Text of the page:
Question about schedule II prescriptive authority

  1. I have a question for those APNs who have experience with prescribing schedule II drugs...

    I just started working as an NP in a Pain Management clinic here in Ohio. I have my DEA # for schedule II-V drugs.

    I recently found out from reading the CTP section of the Ohio board of nursing that APNs are only limited to prescribe schedule II meds to "terminally ill" patients and that the Rx written should not exceed a 24 hour use.

    Now, I see patients with chronic pain who need prescription renewals of their schedule II meds. We usually renew their scripts for a month at a time.

    Is there an exception to this rule of limited schedule II prescribing by APNs? I also found a form within the Ohio board of nursing for a "Formulary Revision/Request". I wonder if this form can be used to request writing of schedule II meds for patients with chronic pain?

    Are there other NPs in other states with the same limitation on prescribing schedule II drugs? I don't recall having had this problem when I was in California.

    Thanks.

  3. by   sirI
    Quote from vinnysca
    I have a question for those APNs who have experience with prescribing schedule II drugs...

    I just started working as an NP in a Pain Management clinic here in Ohio. I have my DEA # for schedule II-V drugs.

    I recently found out from reading the CTP section of the Ohio board of nursing that APNs are only limited to prescribe schedule II meds to "terminally ill" patients and that the Rx written should not exceed a 24 hour use.

    Now, I see patients with chronic pain who need prescription renewals of their schedule II meds. We usually renew their scripts for a month at a time.

    Is there an exception to this rule of limited schedule II prescribing by APNs? I also found a form within the Ohio board of nursing for a "Formulary Revision/Request". I wonder if this form can be used to request writing of schedule II meds for patients with chronic pain?

    Are there other NPs in other states with the same limitation on prescribing schedule II drugs? I don't recall having had this problem when I was in California.

    Thanks.
    Hello, vinnysca,

    The way I interpret your state's APN prescribing law is that APNs have "very narrow parameters in the law for prescribing Schedule II drugs":

    http://www.nursing.ohio.gov/PDFS/For...authINSERT.pdf

    I seriously doubt the Forumulary change to which your refer makes any difference in this law.
  4. by   cgfnp
    I'm afraid I agree with Siri... only 24 hr unless the doc writes it there. That is rediculous, but not as rediculous as in my home state (Missouri), where NO controlled substances are allowed. (one of only two states left). It's truly baffling. I've never heard one good reason for this. The docs in Missouri want to retain the power, I guess. Here's food for thought: I've seen a doctor inappropriately prescribe and manage Coumadin, which Missouri NPs can prescribe, but I've never heard of or seen a NP inappropriately prescribe a controlled substance. Chew on that one, Missouri docs. If you're worried about "danger" then take away the Theophylline, Coumadin, Neurontin, Tegretol, Dilantin, and Digoxin too (and all the chronic multi-problem-one-hour-per-patient-visit patients that come with it).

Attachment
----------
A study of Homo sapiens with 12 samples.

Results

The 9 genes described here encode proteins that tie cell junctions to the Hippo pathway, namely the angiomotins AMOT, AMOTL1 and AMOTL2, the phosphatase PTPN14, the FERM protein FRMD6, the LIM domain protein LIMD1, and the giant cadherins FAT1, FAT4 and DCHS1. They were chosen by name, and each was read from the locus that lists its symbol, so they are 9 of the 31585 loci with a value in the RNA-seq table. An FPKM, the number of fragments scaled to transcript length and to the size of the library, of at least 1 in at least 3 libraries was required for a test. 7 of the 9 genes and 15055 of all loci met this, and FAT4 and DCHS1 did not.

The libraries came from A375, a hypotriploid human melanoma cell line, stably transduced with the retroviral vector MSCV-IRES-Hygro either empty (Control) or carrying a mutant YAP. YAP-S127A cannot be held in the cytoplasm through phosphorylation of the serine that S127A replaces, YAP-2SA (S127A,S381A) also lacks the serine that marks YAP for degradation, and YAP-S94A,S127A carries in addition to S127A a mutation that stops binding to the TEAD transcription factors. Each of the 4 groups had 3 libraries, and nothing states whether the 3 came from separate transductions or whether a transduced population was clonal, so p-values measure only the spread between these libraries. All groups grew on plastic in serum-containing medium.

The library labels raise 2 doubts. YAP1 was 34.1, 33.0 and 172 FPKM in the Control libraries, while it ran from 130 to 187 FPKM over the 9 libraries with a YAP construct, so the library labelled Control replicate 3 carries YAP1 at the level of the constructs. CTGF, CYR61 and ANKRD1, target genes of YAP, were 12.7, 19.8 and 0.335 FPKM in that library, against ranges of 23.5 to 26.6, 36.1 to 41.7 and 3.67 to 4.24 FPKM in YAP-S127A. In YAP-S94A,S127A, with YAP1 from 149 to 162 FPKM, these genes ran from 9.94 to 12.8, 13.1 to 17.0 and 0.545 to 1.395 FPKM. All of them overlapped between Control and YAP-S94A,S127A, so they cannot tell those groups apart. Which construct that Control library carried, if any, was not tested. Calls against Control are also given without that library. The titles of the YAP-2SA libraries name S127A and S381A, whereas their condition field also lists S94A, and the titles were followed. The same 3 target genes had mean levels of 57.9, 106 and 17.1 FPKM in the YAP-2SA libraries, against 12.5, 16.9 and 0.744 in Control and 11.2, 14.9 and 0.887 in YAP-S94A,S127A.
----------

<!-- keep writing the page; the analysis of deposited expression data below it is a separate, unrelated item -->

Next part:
Last edit by cgfnp on Oct 29, '06
  5. by   MaleAPRN
    I know that each state sets their own laws as far as NP prescriptive authority, and that it is clearly influenced by the medical association lobbies. It is unfortunate that by lobbying to limit our abilities to write for certain scheduled drugs, that they are truly doing themselves a disservice.

    I was talking to my three anesthesiologists who I work with in the pain department. They are all willing to even sign a petition to help change some restrictions for NPs such as myself to be able to write schedule II drugs in the pain management arena. I know that it would be close to getting an act of Congress to propose such a measure. But, I'm completely unaware on where to even start such a feat!

    I guess I have to start by contacting my NP state representative and ask what steps I may take to even get my proposal in the agenda for the state.

    Any ideas guys?

    Thanks.

    Vince.
    NP/CRNA
  6. by   cgfnp
    Quote from vinnysca
    I know that each state sets their own laws as far as NP prescriptive authority, and that it is clearly influenced by the medical association lobbies. It is unfortunate that by lobbying to limit our abilities to write for certain scheduled drugs, that they are truly doing themselves a disservice.

    I was talking to my three anesthesiologists who I work with in the pain department. They are all willing to even sign a petition to help change some restrictions for NPs such as myself to be able to write schedule II drugs in the pain management arena. I know that it would be close to getting an act of Congress to propose such a measure. But, I'm completely unaware on where to even start such a feat!

    I guess I have to start by contacting my NP state representative and ask what steps I may take to even get my proposal in the agenda for the state.

    Any ideas guys?

    Thanks.

    Vince.
    NP/CRNA
    I guess that's where to go. I tried emailing my state association and didn't even get a reply. What a well-managed organization. So needless to say I'm not putting much stock into them helping. Get a lot of providers to write/call/email your reps so they get the message to actually do something.